This study, funded by the National Institute of Neurological Disorders and Stroke, includes clinical and research investigators from the University of Pittsburgh, Northwell Hospital in New York, Allegheny General Hospital, the University of Illinois at Chicago Medical Center, Helsinki University Hospital, Tampere University Hospital in Finland, Inova Fairfax Hospital, Jikei University, and Geneva University Hospital. These collaborators have assembled a database of approximately 3,000 aneurysms and have recently published three articles that have led to continued support from the National Institutes of Health.
Mason faculty are also working with Cebral, including Martin Slawaski from the College of Engineering and Computing, Rainald Lohner from the College of Science, and Fernado Mut from the Computational Hemodynamics Lab, which Cebral leads.
Cebral and his team are specifically focusing on aneurysms with blebs, which are secondary swellings found in weakened sections of the aneurysm walls. Tearing of the wall, or a rupture, is more likely to occur when blebs are present. These ruptures cause cerebral hemorrhages, leading to serious health complications or death.
The research team found two notable clinical characteristics among patients diagnosed with brain aneurysms: patients with blebs are more likely to have dental problems, such as periodontitis and other dental infections, and women who are undergoing hormone replacement therapy tend to have fewer blebs. They also discovered that the way the blood flows inside an aneurysm, and whether a bleb has a thick or thin wall, can help determine the condition’s severity.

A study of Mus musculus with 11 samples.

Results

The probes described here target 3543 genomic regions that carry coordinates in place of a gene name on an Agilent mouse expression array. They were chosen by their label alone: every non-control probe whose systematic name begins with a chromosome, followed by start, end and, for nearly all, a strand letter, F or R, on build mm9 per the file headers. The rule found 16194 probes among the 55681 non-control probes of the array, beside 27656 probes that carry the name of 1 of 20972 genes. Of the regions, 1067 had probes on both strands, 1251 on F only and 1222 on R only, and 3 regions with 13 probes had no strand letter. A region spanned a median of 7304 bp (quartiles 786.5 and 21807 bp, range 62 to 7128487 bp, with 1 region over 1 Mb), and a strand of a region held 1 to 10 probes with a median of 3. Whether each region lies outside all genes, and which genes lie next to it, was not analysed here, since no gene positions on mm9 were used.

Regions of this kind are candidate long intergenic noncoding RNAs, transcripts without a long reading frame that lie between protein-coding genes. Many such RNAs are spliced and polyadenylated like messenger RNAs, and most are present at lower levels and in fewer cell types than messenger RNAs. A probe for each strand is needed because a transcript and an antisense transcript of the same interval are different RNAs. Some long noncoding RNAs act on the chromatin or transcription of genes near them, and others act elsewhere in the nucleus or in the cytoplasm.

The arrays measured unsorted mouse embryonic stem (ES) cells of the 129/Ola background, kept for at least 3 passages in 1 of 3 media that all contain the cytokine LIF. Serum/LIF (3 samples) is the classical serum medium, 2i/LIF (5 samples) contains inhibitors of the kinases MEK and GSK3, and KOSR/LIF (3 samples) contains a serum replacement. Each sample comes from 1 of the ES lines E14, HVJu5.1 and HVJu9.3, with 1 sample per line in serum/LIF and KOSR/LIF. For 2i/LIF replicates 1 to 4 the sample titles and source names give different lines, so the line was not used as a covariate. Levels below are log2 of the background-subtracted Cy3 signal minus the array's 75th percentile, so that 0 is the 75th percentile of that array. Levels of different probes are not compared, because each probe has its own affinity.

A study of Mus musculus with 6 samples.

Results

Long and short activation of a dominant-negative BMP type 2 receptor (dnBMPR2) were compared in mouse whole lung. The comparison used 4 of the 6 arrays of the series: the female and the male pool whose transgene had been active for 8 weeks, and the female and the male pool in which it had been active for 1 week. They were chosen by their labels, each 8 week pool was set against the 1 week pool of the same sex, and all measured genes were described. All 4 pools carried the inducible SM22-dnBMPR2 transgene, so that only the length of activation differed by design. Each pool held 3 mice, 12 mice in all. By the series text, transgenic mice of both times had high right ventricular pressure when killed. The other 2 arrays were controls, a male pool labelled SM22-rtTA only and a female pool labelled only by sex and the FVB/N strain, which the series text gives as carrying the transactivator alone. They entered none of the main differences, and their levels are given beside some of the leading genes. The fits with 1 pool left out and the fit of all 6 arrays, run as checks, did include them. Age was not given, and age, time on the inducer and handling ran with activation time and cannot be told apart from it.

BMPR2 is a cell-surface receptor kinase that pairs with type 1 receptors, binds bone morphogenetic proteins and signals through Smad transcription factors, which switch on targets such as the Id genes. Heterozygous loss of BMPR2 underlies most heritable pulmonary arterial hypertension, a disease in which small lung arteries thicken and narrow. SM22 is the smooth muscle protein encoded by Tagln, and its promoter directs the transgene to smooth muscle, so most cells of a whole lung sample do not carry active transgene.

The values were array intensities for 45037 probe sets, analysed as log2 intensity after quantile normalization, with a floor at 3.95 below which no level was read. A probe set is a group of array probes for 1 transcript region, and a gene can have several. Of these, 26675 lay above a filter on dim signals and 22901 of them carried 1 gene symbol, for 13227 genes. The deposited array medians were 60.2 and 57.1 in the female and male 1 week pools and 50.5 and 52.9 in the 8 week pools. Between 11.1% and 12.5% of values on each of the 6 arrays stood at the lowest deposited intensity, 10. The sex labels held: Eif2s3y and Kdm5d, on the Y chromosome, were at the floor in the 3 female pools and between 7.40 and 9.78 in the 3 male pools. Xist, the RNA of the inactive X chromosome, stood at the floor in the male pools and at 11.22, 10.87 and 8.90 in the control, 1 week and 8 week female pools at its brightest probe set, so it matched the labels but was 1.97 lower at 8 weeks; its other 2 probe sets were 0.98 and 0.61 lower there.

“Blebs that had a strong blood flow generally had thinner walls compared to those with weak blood flows, which had thicker walls,” said Cebral, who is in the Department of Bioengineering. “The conclusion here is that not all blebs are the same: Some are more dangerous than others, and flow conditions may help us recognize which aneurysms need immediate treatment.”
Cebral is hopeful that the research findings contribute to progression in how aneurysms and blebs are currently evaluated and treated. For instance, if the association between dental problems and bleb formation continues to be proven on a larger scale, Cebral suggests that an emphasis on intense dental hygiene may be an effective way to stabilize the aneurysm and avoid invasive treatment.
“Our goal is to help identify patients who need rapid treatment and those whose diagnosis may not be as threatening,” said Cebral. “Understanding that not all aneurysms and blebs are the same is important because we should not assign the same risk level or care plans to all patients.”